All photos: Sam Oetiker
The fourth edition of Nicolas Müller and Terje Haakonsen's Sudden Rush Banked Slalom went down once again in Laax last weekend, and with a new course location and better weather than in previous years it was the best one to date.
Now in its fourth year, the Sudden Rush Banked Slalom in Laax, organised by Nicolas Müller and Terje Haakonsen, has gone from strength to strength and the 2018 edition was comprehensively their most successful. Firstly, the start list was insane - alongside legends from snowboarding like Bryan Iguchi, Max Plotzeneder, Peter Bauer, Michi Albin and Fabian Rohrer there was a great turnout of pro riders, such as Christian Haller, Max Buri, Markus Keller, Elias Elhardt and many more. There was also a heavy squad of female racers charging hard and, most stokingly, a great turnout of kids who frickin' RIP. And, thankfully, unlike previous years, Mother Nature was in one of her better moods.
A banked slalom is an alternative kind of contest to the hyper-spinning mega-flipping that tends to occupy the media airwaves. But having attended both varieties of snowboard competition, I can confirm that while both certainly have their merits, there's something particularly awesome about the no-bullshit spectacle of riders pushing their limits to post the fastest time. And seeing riders who no longer mess with the former clearly having lost none of their competitive instincts.
"There's something particularly awesome about the no-bullshit spectacle of riders pushing their limits to post the fastest time"
A banked slalom arguably shows the best rider - rather than jumper - of a snowboard more clearly than anything else. Though there is rarely any air time and certainly no quad-corking or rainbow-flat-downs, I defy anyone to stand on a berm and watch guys like Müller, Terje, Elias or Hitsch blast past at Mach 11, fractions of a percent away from losing control yet managing to hold on and power off into the next berm, and not be impressed.
The race was broken down into age divisions for men, women and kids, with a Pro category for the harder chargers and an Open one for those who didn't fancy getting involved with the more experienced riders. And from the get go it was clear that, as is often the case, though the Pro category would be the one to watch it was the old silverbacks looking to reclaim their former glory who were perhaps taking the race even more seriously.
""I'm always surprised at how competitive I still am, and how pissed I get if I don't do well," said one rider"
"I'm always surprised at how competitive I still am, and how pissed I get if I don't do well," said one rider, but as serious riders were taking things when in the start gate, outside of that it was good vibes all round at the chill area. It's a cliché but it was all about meeting up with old friends and making new ones, grilling on the open fire and maybe sinking a coldie or two while cheering on the racers.
As we meandered our way down the course checking the various berms, one thing became clear - male or female, young or old, the majority of people racing have some serious edge control going on. On the day of the main race the light went flat for most of the runs, but this didn't stop people going all in and putting it all on the line to post the fastest time. The course was not as technical as some we've seen, but you certainly had to have your wits about you to avoid being unceremoniously spat out and seeing how the faster riders controlled their boards through the low light chop was seriously inspiring.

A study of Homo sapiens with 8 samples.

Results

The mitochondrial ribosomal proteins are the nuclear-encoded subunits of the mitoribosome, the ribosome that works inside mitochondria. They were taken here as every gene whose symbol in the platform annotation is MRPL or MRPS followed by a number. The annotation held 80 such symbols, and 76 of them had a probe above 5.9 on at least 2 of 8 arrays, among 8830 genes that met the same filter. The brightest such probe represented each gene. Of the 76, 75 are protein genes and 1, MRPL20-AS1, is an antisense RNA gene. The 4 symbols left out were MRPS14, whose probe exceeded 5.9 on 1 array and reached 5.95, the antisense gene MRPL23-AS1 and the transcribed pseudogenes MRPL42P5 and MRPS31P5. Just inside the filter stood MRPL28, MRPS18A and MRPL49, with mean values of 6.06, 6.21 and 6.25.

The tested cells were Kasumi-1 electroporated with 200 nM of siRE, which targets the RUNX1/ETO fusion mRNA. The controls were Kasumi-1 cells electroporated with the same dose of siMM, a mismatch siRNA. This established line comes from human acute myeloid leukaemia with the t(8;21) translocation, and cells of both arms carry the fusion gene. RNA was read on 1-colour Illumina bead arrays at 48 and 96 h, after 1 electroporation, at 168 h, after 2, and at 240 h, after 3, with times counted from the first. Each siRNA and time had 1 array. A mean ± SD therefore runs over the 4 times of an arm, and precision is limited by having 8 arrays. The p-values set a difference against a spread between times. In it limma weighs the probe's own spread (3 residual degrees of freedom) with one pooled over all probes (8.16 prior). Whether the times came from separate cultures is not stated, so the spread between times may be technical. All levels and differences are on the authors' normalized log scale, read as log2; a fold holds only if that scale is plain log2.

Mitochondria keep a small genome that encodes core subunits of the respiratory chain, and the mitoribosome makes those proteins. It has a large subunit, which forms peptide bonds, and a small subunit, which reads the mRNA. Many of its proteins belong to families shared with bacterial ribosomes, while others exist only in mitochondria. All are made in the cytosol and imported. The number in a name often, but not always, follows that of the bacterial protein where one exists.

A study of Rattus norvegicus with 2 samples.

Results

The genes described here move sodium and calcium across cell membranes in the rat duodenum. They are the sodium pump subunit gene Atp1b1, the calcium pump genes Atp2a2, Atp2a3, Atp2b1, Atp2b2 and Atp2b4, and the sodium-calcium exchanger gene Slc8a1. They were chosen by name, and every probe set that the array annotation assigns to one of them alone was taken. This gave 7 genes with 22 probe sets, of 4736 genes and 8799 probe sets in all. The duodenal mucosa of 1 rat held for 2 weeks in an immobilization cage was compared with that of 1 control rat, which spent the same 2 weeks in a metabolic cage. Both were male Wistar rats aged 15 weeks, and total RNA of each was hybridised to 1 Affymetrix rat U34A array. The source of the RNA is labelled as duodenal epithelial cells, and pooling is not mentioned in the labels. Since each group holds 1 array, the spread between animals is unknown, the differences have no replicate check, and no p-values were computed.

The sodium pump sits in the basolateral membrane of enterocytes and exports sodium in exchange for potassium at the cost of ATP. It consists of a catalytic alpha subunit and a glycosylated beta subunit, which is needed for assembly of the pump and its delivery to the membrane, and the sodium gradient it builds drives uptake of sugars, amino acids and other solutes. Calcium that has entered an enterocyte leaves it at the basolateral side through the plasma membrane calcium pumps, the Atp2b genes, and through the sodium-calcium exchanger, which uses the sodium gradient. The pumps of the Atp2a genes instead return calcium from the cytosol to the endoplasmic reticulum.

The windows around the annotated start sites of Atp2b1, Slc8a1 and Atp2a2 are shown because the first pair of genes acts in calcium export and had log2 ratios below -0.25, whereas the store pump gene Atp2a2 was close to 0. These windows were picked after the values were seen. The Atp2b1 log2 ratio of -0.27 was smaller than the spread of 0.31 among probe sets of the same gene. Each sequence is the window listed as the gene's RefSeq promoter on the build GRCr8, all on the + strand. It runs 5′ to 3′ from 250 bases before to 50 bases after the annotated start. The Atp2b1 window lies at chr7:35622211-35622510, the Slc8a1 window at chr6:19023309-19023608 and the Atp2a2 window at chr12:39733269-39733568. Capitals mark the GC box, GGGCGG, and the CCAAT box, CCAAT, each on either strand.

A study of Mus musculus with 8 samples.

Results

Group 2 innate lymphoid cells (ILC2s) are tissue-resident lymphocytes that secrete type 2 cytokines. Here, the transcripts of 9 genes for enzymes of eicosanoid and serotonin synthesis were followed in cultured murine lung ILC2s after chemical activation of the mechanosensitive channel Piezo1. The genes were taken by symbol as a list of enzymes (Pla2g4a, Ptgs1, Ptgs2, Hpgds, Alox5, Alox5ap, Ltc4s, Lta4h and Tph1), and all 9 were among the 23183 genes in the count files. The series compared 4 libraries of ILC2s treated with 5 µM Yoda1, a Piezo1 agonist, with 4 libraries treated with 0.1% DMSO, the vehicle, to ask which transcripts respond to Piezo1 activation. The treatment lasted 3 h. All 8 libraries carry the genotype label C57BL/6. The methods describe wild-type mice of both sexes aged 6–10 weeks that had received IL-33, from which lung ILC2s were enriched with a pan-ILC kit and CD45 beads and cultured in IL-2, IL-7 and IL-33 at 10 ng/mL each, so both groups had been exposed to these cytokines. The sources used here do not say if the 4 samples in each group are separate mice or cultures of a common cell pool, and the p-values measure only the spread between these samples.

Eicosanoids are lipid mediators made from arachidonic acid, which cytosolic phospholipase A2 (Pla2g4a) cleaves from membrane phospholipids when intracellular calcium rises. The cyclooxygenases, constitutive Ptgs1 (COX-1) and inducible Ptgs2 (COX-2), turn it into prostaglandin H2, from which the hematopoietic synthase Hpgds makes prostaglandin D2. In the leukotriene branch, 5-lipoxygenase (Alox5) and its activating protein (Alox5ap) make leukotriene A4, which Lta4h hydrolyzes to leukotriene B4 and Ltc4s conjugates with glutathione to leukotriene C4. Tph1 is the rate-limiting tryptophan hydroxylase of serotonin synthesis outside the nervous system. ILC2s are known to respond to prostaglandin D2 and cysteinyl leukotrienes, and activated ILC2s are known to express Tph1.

But what it all boils down to is who did it quickest. While Ariane Staib-Glaus was a good couple of seconds ahead of Carla Somaini in the women's Pro event, due to technical difficulties with the timing, three guys had to take their second runs again (and the fact that both thought this was their best run must have been a bitter pill to swallow.) The sugar was, two of these dudes ended up winning the Pro division - Elias Elhardt and Christian Haller posted identical times, both on their third runs. But the fastest rider of the day? That would be ex-pro Pascal Imhof, and we'd be stoked to have even a quarter of this dude's control over a snowboard.
Though Saturday was billed as the 'main event', for us it was Sunday's racing that was the real highlight. Seeing a host of groms lining up in the start gate was great, but then seeing that these mini-humans blasting through the course in a way that makes a jaded snowboard hack ashamed was amazing. The youngest kid was 6, and - no bullshit - was proper charging. The fact that a lot of these grommets dropped into the Fakie Race and seemed to ride just as well backwards as they did forwards again points to snowboarding's future being in good hands.
"Think you've got this snowboarding thing dialled? Let's see you hit the run backwards..."
Ah yeah, the Fakie Race. For us, the jewel in the Sudden Rush Banked Slalom's crown. Watching West Snowboards' David Lambert get the thing rolling by dropping in switch on an ultra-directional pow board, then crushing it through the first few turns had everyone going nuts. "Think you've got this snowboarding thing dialled? Let's see you hit the run backwards..." How well some of these riders can rip switch is insane, and though there were sterling efforts from all involved, it was clear that Terje, Nico and a couple of other pros were the ones to watch. Predictably, these two both podiumed - second and third respectively - but it was Germany's Elias Elhardt who came out on top, taking the Fakie Race and, with two wins in two days, proving he was the undisputed King of 2018's event.
Thank you Nico, Terje and Laax for an epic weekend of fastboarding. See you next year, and full results can be found here.